Arlee youth completes MYCA
student David Plant, 18, graduated with high honors from the Montana
Youth Challenge Academy on June 19. (Lailani Upham photo)
ARLEE — He was told it would be hard; and that it
was. With 150 cadets starting and only 80 completing, David Plant, 18,
graduated with high honors from the Montana Youth Challenge Academy on
The Montana Youth Challenge Academy is a six-month
program sponsored by the National Guard and the State of Montana that
caters to the state’s at-risk youth. The training takes place on the
campus of the University of Montana - Western in Dillon.
MYCA’s eight core components are: academic
excellence, life coping skills, job skills, health and hygiene,
responsible citizenship, service to community, leadership and
followership, and physical fitness.
The program was launched in September 1999. The
graduating class on June 19 was the 22nd class making a total of 1,484
MYCA graduates so far.
The first two weeks are known as the pre-challenge
phase, where nobody is allowed to speak to another person; and just
like military basic training character building, a young person is
tested to the most intense discipline. “It sucked. The first two weeks
of pre-challenge was frustrating. We were not allowed to talk and we
had to ask permission to speak,” Plant expressed. Many mornings during
this phase Plant said the platoon would have to stand in silence, in
the cold for 45 minutes or so. “It was a weeding out period,” said his
mom Aileen Plant, who also says she has seen a big change in her son.
The six-foot two-inch Plant took on the challenge
with a true warrior spirit and in no time without his approval was
selected for a leadership role in his platoon. He was promoted to
platoon leader and also nominated and selected as class president. The
perks were nice, but according to him, sometimes not worth it. “I had
to deal with kids just like me,” he said. The kids gave him lip and
tempers flared up left and right; however the key to remaining sane was
to remain humble. “I tried not yell,” he said. The toughest part for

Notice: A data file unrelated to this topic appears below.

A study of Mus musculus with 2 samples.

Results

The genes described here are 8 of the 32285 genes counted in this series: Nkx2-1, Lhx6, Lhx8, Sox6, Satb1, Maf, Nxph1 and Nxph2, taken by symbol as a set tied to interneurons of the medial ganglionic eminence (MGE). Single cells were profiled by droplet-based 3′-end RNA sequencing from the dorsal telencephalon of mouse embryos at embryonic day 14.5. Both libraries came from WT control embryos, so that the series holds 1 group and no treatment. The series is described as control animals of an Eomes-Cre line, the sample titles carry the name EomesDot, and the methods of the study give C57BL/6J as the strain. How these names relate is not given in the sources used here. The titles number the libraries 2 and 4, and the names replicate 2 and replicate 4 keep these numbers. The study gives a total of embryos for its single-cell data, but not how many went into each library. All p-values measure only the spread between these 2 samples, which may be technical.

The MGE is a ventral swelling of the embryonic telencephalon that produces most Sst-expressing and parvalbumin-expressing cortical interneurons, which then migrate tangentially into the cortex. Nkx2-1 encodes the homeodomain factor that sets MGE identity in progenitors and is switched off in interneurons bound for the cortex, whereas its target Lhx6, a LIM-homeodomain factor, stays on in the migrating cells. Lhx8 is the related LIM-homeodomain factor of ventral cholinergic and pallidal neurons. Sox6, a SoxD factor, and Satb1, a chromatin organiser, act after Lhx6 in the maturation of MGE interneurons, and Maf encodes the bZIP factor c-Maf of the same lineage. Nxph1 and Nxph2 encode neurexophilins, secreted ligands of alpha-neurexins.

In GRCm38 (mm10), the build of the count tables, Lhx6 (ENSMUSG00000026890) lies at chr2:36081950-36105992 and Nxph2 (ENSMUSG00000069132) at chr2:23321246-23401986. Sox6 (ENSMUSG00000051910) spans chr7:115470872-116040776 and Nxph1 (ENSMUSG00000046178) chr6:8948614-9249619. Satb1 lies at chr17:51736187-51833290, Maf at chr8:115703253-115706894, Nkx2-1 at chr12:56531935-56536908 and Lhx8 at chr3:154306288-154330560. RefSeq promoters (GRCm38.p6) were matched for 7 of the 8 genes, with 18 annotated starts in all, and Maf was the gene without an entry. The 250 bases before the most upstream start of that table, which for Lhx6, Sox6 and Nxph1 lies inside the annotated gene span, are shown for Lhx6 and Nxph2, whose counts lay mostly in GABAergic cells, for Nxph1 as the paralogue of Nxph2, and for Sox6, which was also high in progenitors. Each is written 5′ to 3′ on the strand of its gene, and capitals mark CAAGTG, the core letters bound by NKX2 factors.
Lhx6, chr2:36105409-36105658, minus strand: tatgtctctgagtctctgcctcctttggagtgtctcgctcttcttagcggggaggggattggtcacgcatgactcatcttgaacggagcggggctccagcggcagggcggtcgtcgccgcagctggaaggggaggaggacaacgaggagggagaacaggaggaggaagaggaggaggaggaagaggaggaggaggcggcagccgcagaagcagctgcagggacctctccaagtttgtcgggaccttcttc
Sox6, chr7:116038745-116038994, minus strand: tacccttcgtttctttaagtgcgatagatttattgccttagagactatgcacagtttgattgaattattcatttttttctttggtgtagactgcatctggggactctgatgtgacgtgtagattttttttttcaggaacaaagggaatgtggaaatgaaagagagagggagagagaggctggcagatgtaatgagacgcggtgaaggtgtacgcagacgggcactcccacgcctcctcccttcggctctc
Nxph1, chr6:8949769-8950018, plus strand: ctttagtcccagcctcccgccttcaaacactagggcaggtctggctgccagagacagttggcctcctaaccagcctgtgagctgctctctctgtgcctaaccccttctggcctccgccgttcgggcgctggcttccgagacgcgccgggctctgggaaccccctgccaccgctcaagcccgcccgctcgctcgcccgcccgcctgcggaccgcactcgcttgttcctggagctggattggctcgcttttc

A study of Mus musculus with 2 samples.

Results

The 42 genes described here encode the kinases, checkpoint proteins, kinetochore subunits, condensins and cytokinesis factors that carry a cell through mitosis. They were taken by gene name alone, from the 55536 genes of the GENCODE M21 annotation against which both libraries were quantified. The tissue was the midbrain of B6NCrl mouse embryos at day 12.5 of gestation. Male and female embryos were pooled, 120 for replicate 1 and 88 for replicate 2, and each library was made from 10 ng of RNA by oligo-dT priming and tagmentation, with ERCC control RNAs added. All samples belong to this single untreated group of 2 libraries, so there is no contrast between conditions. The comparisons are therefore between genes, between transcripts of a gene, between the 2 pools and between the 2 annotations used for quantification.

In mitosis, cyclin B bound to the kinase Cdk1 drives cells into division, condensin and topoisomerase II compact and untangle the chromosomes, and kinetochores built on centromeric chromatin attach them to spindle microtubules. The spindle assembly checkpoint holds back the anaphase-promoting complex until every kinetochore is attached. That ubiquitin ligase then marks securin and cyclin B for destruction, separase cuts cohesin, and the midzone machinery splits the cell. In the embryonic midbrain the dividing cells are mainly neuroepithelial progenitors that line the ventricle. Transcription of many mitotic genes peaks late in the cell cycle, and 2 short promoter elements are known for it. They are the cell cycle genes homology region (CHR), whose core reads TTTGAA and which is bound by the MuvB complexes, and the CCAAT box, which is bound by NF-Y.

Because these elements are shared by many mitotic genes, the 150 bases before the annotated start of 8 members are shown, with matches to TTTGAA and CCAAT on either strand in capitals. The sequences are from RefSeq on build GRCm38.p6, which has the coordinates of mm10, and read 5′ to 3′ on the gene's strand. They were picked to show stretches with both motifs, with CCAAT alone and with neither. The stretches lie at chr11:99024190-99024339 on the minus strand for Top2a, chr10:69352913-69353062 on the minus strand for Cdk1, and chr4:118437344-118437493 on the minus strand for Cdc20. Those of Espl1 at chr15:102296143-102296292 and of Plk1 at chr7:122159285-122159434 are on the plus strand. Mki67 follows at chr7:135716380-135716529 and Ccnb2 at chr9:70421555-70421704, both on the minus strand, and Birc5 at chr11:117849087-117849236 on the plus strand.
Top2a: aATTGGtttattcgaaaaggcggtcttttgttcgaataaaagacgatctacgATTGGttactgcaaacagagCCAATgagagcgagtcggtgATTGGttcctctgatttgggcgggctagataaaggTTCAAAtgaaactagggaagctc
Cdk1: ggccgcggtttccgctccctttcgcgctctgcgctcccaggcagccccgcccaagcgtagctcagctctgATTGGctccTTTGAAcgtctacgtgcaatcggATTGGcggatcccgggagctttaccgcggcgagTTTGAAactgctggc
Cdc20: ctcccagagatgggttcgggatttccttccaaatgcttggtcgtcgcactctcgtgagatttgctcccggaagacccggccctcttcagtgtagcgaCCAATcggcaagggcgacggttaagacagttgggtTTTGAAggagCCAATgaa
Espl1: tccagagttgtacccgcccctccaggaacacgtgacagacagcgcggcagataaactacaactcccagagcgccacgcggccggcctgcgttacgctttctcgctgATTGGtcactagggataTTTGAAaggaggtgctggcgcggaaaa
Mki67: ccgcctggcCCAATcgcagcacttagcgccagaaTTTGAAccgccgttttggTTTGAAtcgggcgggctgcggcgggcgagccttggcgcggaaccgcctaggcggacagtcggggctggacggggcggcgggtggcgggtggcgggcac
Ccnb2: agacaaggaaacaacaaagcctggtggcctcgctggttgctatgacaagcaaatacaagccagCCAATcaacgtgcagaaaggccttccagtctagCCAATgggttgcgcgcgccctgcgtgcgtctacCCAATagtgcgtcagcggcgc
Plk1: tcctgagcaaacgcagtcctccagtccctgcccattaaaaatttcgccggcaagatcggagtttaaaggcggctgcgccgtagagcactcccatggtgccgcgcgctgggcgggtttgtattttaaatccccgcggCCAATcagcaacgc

Plant was that he wanted to just be left alone. But he came to grips
with leadership roles and being left alone was a far-off wish.
The caliber of instructors was a plus according to
Plant. Many of the Cadre Instructor sergeants from the Army Reserves,
one was a former National Football League player and another was a
sniper for the U.S. Marines.
The feeling of accomplishing something prestigious
is what makes him proud he said.
The program does pay the cadets a little stipend
to help pay for toiletries. One afternoon a few guys from Plant’s
platoon were bored, he said, and decided to figure out their pay. Their
wage came to three cents an hour.
The program requires the cadets to carry a
one-year plan and a five-year plan. Plant’s one-year plan is to finish
high school and qualify for the military and complete a marital arts
certification. His five-year plan is cut and dry; he plans to join the
military and qualify as a ranger.
His father, Albert Plant, said he thanks God for
his son’s opportunity at MYCA. “He has a lot more opportunities,
military, college, Job Corps and he has opt to go back to high school.
There are so many options he has never thought of before,” his father
“His outlook on life is better. He has lots of
opportunities, and it’s a big change from last year,” Aileen said.
David is the oldest of two other siblings; Al
Plant, 15; and Naomi Plant, 11.
Plant is thankful for the opportunity to
experience the leadership role, something he did not realize he had.
When asked what he learned from the experience he said. “Make the
system work for you, don’t work for the system.”